GSA simplifies more travel regulations

The General Services Administration published the second phase of 'plain language' revisions to federal travel regulations in the Federal Register Tuesday. GSA is rewriting its travel regulations to make them easier to use and understand by translating the rules from bureaucratese into plain English. Under the new format, rules are presented as questions and answers. GSA is rewriting the rules chapter by chapter. The first phase of the translation project was published in 1997. It includes three chapters, one on how to use the Federal Travel Regulation, a second on short-term, or "temporary duty" (TDY) travel and a third on death benefits. The second phase, which includes only one chapter, focuses on relocation allowances and clarifies such things as who is eligible for relocation expense allowances, whether employees can relocate to new official duty stations before they have a written travel authorization, and when to authorize reimbursement for relocation expenses In plain language, new appointees and employees transferred to an office more than 50 miles from their current work station are eligible for relocation expenses, employees must have the written travel authorization before they relocate to their new official duty station, and authorization for relocation reimbursement can only be given if the move is in the best interest of the government, the employee has signed a service agreement and the move is due to a change in work station. A third phase of the translation process is expected to be finished in the next year or so, according to GSA, and will cover the last chapter of the Federal Travel Regulation on accepting payments from non-federal sources. The new, easier-to-read version of the regulations can be accessed on GSA's Web site.
Stay up-to-date with federal news alerts and analysis — Sign up for GovExec's email newsletters.
Close [ x ] More from GovExec

Thank you for subscribing to newsletters from
We think these reports might interest you:

  • Sponsored by G Suite

    Cross-Agency Teamwork, Anytime and Anywhere

    Dan McCrae, director of IT service delivery division, National Oceanic and Atmospheric Administration (NOAA)

  • Data-Centric Security vs. Database-Level Security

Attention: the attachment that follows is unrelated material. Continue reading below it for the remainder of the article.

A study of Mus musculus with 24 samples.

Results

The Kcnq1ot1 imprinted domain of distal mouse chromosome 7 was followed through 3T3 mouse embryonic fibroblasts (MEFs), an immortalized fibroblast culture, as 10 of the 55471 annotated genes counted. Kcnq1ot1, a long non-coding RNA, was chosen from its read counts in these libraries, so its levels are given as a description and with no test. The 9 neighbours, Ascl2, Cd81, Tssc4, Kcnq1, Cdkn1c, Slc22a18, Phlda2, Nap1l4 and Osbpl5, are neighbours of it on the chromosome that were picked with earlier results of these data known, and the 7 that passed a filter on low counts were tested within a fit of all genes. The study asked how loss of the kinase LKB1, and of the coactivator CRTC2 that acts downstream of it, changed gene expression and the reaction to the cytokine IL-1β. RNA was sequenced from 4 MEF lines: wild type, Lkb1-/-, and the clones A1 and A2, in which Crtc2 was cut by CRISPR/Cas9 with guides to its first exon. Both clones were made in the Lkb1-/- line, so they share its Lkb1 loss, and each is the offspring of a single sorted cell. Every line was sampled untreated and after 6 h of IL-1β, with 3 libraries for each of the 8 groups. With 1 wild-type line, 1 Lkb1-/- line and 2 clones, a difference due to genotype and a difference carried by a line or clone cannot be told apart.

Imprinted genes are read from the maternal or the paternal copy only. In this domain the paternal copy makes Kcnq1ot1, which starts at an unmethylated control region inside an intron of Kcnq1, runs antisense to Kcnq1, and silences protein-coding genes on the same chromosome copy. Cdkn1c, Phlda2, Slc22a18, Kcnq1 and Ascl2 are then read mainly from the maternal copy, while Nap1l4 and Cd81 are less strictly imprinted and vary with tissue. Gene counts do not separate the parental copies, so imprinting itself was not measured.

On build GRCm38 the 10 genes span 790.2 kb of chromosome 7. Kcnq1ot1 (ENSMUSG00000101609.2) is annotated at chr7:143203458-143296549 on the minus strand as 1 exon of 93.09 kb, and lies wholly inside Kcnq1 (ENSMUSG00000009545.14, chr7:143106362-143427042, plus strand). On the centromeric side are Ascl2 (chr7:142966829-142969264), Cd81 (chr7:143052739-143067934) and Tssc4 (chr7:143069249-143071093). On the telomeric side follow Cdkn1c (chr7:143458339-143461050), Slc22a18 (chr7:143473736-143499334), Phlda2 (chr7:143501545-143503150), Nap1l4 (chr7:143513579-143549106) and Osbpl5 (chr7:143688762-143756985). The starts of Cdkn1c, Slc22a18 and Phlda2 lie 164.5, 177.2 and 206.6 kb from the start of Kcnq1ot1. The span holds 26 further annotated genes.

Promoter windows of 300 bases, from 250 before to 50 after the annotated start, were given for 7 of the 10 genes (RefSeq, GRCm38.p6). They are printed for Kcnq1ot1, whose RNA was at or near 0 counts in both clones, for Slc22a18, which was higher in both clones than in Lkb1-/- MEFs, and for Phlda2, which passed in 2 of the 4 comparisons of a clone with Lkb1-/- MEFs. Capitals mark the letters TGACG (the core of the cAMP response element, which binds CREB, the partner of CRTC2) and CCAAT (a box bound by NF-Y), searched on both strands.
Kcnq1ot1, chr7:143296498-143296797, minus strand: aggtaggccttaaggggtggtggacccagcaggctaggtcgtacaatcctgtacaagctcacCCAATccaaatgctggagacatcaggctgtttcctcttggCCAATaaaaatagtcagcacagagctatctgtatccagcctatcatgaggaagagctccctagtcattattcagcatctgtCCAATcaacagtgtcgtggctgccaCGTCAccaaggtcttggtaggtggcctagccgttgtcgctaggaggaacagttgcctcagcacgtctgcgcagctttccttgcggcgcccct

Database-level encryption had its origins in the 1990s and early 2000s in response to very basic risks which largely revolved around the theft of servers, backup tapes and other physical-layer assets. As noted in Verizon’s 2014, Data Breach Investigations Report (DBIR)1, threats today are far more advanced and dangerous.

  • Federal IT Applications: Assessing Government's Core Drivers

    In order to better understand the current state of external and internal-facing agency workplace applications, Government Business Council (GBC) and Riverbed undertook an in-depth research study of federal employees. Overall, survey findings indicate that federal IT applications still face a gamut of challenges with regard to quality, reliability, and performance management.

  • PIV- I And Multifactor Authentication: The Best Defense for Federal Government Contractors

    This white paper explores NIST SP 800-171 and why compliance is critical to federal government contractors, especially those that work with the Department of Defense, as well as how leveraging PIV-I credentialing with multifactor authentication can be used as a defense against cyberattacks

  • Toward A More Innovative Government

    This research study aims to understand how state and local leaders regard their agency’s innovation efforts and what they are doing to overcome the challenges they face in successfully implementing these efforts.

  • From Volume to Value: UK’s NHS Digital Provides U.S. Healthcare Agencies A Roadmap For Value-Based Payment Models

    The U.S. healthcare industry is rapidly moving away from traditional fee-for-service models and towards value-based purchasing that reimburses physicians for quality of care in place of frequency of care.

  • GBC Flash Poll: Is Your Agency Safe?

    Federal leaders weigh in on the state of information security


When you download a report, your information may be shared with the underwriters of that document.